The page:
Some time ago, I setup DavMail POP/IMAP/SMTP/Caldav/Carddav/LDAP Exchange and Office 365 Gateway on my development laptop to connect Thunderbird to my mail account at work. Handling email was the largest change of swapping from my Android centric work station back to regular desktop Linux.
Give or take my generally meh feelings towards today’s desktop mail clients, Thunderbird especially: this has worked out pretty well, and with pretty minimal pain, thanks to the Actually Worth Reading setup guides.
Today, I finally got around to connecting the address book and calendar functions, and much to my surprise: those actually, Just Work (tm). Which is kind of nice: because I’ve been switching to my tablet for those functions. Thunderbird collected addresses thing, also helpful.
When the rise of the S-Pen made me upgrade tablets, I had to contend with the loss of video output during my otherwise painless Tan S2 -> Tab S3 conversion. Eventually, I traded in some old hardware and got a cheap assed Chromebook that was new enough to do Android apps, and serve as a replacement for docking my tablet. That mostly worked, give or take that Chrome OS is like 10 x buggier and more restrictive than native Android. But eventually that combined with the crappy performance lead me to replace it with using my development laptop directly, rather than using SSH and SMB to access it. The performance grumbles, such as Play Music stuttering whenever opening heavier web pages, made more powerful hardware worth the coin—the quality of Chrome OS as an Android replacement, made using a Linux or NT based system a better option. Thus rather than increment debt, I said screw out and started using my development laptop directly because that was the simplest, cheapest way to kill both birds with one stone.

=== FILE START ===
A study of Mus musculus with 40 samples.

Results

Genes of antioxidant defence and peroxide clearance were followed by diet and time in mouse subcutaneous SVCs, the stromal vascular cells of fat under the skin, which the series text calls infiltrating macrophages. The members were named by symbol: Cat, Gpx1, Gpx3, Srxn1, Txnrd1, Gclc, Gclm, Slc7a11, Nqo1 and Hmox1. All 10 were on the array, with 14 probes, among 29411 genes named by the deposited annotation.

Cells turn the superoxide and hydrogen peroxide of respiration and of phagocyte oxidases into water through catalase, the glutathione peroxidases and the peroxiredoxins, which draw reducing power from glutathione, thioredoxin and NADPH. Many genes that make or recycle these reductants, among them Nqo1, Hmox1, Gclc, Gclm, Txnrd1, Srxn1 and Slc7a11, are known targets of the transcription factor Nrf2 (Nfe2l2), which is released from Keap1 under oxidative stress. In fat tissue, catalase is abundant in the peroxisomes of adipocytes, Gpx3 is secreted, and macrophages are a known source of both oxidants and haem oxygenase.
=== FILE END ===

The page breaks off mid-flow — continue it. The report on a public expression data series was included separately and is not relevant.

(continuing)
So, I guess I’ll get to see how well Thunderbird’s calendar works. For my pen use cases, typically my synced to all my devices taste in calendars are used; and I maintain several. My exchange calendar, basically exists purely for dealing with meetings and events going through Exchange users. Since meetings are inescapable, dealings with Exchange calendars.
Coincidentally, Microsoft Outlook for iPad rather sucks as a mail client if you have any significant volume of mail to process, and it’s calendar function is little better than typing cal into an xterm. But it at last syncs with little fuss.